The luxury travel and events industries may be facing unprecedented new challenges due to the global coronavirus crisis, but it’s crucial that the focus on sustainability is not forgotten when recovery comes.
Sustainability and CSR remain a key focus for inVOYAGE, and as part of our recent Annual Report, we featured the following contributed article by BCD Meetings & Events Senior Director, Marketing EMEA, John Kelly, which features lots of simple ideas for how inVOYAGERs can make their events more sustainable….
There can be no doubt that incentive trips, meetings, events and travel all have an impact on the environment, but that impact doesn’t always have to be negative. By understanding what that impact is and mitigating and reducing it or engaging in CSR-led activities that make a positive impact during and after our events, we will be heading in the right direction.
I am utterly passionate about sustainability, but I want to make it clear that I’m not a tree-hugger, eco activist or scientist. What I am is someone that cares about the planet and how the meetings and incentives industry can make a tangible, positive contribution in this area. I also firmly believe that what we need is a million people making small changes, rather than a handful of people making big changes.
So, it’s with that in mind that the overarching theme of my 15 ‘Top’ Tips is that education is key. That can be through the pre-event material you send out (bring your own water bottles as we’ll not be providing anything etc.), to being onsite and advising why, for example, there is no red meat on the menu. People like to feel they are part of a solution so will buy in to this – I promise you.
At BCD Meetings & Events, we’re regularly being asked by our clients for case studies, best practices and advice on how to make their events more sustainable and we’re in the process of building even more content on our website that backs up our 2018 Green White Paper. It’s encouraging that we’re seen as pioneers in this area. However, we fully appreciate that this is far too big a topic for us to handle alone, so we’re really encouraged and proud to be part of the knowledge sharing initiatives that are being driven by inVOYAGE and other organisations.
It’s vitally important to remember that our entire industry is built around engagement and meeting face-to-face. It’s at the heart of everything we do, and we know good things happen when people meet. Here are a few tips to get you started with planning more sustainable events.
*Take a walk through of your entire event when planning and look at every single aspect of it. Ask yourself what aspects of the event can be done in an eco-friendlier manner. That could be not having single use bottles of water, paper on tables or getting your set built locally rather than shipping it in. Once you start with that mindset then you’ll be in a good place.
*While your event content should be customised to your audience, increase the life cycle of discarded materials by reducing customisation and event-specific branding, such as date and location. Additionally, look at using electronic noticeboards and signage that has an infinite shelf life.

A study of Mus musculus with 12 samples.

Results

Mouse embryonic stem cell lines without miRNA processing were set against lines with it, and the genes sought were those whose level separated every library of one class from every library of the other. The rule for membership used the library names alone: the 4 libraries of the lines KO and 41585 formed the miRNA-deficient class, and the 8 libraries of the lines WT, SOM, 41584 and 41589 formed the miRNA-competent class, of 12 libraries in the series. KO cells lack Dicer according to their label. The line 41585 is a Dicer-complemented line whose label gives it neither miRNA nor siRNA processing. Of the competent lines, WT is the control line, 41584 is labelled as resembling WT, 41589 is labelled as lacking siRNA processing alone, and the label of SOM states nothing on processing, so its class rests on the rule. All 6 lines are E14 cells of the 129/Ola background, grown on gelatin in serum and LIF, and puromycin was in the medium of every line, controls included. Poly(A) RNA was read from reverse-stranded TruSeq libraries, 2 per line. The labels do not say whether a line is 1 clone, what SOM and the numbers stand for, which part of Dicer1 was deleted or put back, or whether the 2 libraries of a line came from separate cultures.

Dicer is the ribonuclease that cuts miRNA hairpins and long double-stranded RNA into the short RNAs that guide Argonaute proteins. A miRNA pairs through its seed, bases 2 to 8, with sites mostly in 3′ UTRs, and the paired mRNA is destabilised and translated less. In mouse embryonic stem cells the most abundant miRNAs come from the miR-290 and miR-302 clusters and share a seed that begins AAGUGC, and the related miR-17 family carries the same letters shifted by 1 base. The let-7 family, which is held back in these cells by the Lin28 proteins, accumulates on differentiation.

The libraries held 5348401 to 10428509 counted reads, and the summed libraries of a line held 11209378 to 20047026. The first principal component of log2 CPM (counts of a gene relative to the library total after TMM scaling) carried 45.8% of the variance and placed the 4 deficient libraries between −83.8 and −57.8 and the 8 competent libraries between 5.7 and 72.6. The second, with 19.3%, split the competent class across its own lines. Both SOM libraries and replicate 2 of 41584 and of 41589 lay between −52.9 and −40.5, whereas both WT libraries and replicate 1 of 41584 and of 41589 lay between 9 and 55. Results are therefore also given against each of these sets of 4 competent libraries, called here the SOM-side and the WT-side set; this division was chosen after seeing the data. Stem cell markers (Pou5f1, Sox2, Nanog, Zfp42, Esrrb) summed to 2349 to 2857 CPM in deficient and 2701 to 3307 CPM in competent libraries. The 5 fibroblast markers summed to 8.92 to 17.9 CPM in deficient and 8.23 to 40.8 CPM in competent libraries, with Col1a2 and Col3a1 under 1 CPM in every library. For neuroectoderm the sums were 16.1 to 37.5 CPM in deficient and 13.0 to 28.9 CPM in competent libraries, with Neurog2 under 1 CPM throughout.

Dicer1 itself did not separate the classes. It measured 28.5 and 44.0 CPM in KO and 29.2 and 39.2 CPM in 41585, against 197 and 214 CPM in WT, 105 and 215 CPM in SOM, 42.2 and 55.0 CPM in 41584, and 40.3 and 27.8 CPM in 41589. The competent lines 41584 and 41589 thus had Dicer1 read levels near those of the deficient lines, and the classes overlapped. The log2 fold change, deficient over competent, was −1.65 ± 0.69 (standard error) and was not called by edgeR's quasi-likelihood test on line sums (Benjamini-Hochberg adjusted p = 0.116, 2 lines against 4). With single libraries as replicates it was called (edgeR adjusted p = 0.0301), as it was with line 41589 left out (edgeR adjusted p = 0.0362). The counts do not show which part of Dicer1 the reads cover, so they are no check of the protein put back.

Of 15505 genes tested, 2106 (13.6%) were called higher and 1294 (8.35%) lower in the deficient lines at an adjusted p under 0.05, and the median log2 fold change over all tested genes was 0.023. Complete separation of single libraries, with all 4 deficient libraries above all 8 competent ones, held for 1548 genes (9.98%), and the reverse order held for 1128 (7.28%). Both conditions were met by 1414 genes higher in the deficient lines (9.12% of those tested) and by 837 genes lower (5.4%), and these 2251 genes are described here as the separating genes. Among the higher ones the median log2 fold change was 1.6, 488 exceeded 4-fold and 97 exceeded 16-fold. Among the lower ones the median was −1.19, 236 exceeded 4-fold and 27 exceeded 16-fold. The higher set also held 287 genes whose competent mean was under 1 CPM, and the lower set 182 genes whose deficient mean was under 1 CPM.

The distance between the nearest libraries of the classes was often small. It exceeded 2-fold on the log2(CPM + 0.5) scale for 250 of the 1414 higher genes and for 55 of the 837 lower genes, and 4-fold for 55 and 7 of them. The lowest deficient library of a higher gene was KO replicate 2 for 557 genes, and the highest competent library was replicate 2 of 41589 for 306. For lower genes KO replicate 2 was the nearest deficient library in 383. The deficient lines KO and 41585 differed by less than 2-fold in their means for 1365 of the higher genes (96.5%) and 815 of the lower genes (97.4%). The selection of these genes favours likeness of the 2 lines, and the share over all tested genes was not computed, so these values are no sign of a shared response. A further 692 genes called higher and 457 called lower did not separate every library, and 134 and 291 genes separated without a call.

*Educate delegates and attendees in advance that elements of your event are going to be green. That could include a meat-free day in catering, no single use plastics allowed (just remember to advise delegates to bring their own reusable water bottles), or no paper being used. You’ll be amazed at the adoption by delegates once they understand what personal impact they can make.
*Create an App that ensures no paper is used and gives green tips throughout the lifecycle of an event.
*Advise delegates to use public transport or car share to get to and from an event. You could set up your App to allow for a forum on the best travel methods and to share ride options.
*Support the environment and safe working conditions by buying fair-trade products for your programme, such as coffee and tea.
*Work with your venue to reduce food waste. Ensure your delegate numbers and dietary requirements are confirmed as close to the event as possible and the caterers are aware and plan accordingly. Wherever possible produce food that can be donated to delegates to take home or given to local charities. Explain to your delegates about the massive amount of food waste created during an event and get them to be part of the solution.
*Investigate what food and resources are available locally and in season to reduce the food and transportation miles.
*Help reduce emissions of C02 and other harmful chemicals by selecting programme venues that are walkable or accessible by public transport and promote alternatives to single-occupant car trips.
*Select chicken or plant-based food to serve at mealtime. 628,000 litres of water can be saved by opting to serve chicken instead of beef for a 500 person banquet.
*Plan eco-friendly exhibits by providing a list of green tips for exhibitors and an opportunity for them to donate used or excess items for repurposing.
*Choose accommodation that has a sustainability credential, such as LEED or ISO Certification. This confirms their use of green features that encourage energy and resource efficiency. Work with your venue to ensure they know that this is high on your agenda and ask them to be part of the solution.
*Speak with your venue about any similar events that they have going on before or after yours, there may be a chance to share AV or other equipment reducing the need to bring it in twice, this can save money and a lot of waste.
*Introduce a grading system that shows how green your event is. Gold, Silver and Bronze are really simple and you know people will always be striving to push for better results – evaluate and share the results regularly.
*Do something. We can all be part of the solution, but equally we’re part of the problem if we do nothing!